At launch, Legend says the brand is focused on moisture, because he’s learned there’s evidence dark skin tones lose moisture more quickly than lighter ones. (More on that in a minute.) “Whether it’s our cleanser, our shaving cream, or our moisturizer — all of them have rosehip oil and sea buckthorn oil that are meant to deeply hydrate the skin and prevent that quick loss of moisture,” he says.
And since people with deeper skin tones have more active melanocytes than people with lighter skin and therefore are prone to darker discoloration, in the future, Loved01 will launch products focused on hyperpigmentation as well as an SPF moisturizer.
The discussion around marketing a brand to cater to melanin-rich skin (as brands like Kinlò, Proudly, and Ciara’s On A Mission all do) has been abundant the past few years, due in large part to the fact that there is limited research available on the nuances of melanin-rich skin — which Legend brought up himself.
“We also learned that there hasn’t been enough research around darker skin tones because the [beauty] industry and the dermatology industry just hasn’t centered us as a subject for research,” he says. “One of the things we want to encourage in the industry and talking to our competitors and other people who are creating skin care in this realm is that melanin-rich skin needs to be focused on more as a subject of research and product development. We want to be a force for equity when it comes to that.”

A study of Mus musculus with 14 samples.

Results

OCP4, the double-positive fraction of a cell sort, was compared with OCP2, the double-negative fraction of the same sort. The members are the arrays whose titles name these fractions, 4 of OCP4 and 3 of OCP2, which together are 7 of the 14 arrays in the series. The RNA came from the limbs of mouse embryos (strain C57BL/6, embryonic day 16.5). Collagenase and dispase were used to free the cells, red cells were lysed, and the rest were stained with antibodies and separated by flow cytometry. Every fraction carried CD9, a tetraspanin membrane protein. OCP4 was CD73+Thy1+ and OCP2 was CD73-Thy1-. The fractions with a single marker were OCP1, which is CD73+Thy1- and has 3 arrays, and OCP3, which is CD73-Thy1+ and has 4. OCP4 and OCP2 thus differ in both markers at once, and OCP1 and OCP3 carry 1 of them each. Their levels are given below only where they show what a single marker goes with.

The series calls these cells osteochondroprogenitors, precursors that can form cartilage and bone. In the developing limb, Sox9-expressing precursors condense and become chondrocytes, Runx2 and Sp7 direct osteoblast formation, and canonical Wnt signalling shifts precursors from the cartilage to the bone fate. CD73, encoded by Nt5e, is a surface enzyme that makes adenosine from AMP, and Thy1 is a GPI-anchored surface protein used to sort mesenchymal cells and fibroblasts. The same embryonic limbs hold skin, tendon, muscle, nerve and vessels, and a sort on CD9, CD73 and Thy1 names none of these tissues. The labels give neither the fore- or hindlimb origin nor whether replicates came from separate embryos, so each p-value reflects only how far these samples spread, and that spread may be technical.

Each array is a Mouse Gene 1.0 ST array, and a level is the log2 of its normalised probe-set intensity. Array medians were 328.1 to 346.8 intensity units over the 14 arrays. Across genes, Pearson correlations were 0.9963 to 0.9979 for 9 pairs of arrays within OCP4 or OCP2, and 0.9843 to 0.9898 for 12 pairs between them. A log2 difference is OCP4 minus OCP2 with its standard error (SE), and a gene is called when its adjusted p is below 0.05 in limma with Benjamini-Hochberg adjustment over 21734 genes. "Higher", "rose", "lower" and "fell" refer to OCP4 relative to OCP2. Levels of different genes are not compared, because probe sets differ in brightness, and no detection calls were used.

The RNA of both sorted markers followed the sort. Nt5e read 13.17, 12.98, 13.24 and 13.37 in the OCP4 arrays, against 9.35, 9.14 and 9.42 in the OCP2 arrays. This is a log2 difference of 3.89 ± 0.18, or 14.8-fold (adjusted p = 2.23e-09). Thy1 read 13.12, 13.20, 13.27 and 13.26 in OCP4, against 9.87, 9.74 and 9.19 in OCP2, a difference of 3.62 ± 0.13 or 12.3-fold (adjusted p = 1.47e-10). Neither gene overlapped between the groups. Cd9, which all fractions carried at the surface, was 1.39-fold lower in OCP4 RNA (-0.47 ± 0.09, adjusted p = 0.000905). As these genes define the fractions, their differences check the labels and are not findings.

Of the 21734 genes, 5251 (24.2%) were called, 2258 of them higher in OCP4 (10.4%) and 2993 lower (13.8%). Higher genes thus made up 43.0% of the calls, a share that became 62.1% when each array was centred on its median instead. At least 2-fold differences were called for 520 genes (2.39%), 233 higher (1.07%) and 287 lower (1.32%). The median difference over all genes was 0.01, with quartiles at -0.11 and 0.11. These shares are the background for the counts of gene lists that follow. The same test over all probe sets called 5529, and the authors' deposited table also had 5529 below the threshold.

When asked if he would invest in studies of this nature, he shared that he wants to “start a movement where our skin is being studied, being researched more, and the products are being formulated with [dark] skin in mind.”
I left the interview with an appreciation for Legend’s focus on democratizing skin care for underserved skin tones, but was still needed clarity on how they specifically cater to melanin-rich skin, more than other formulas already out there. Are the ingredients in Loved01’s formulations proven to be better for deep skin tones?
I consulted Los Angeles-based cosmetic chemist Javon Ford and Orange County-based cosmetic chemist and licensed esthetician Esther Olu. “There are no ingredients in [these products] that specifically have been studied to perform better for melanin-rich skin than non[-melanin-rich skin],” says Olu, although she acknowledges research is limited. “If you were to actually compare a product with this marketing versus one without and look at the ingredient lists, you would see similar, if not the same ingredients.” Ford agreed.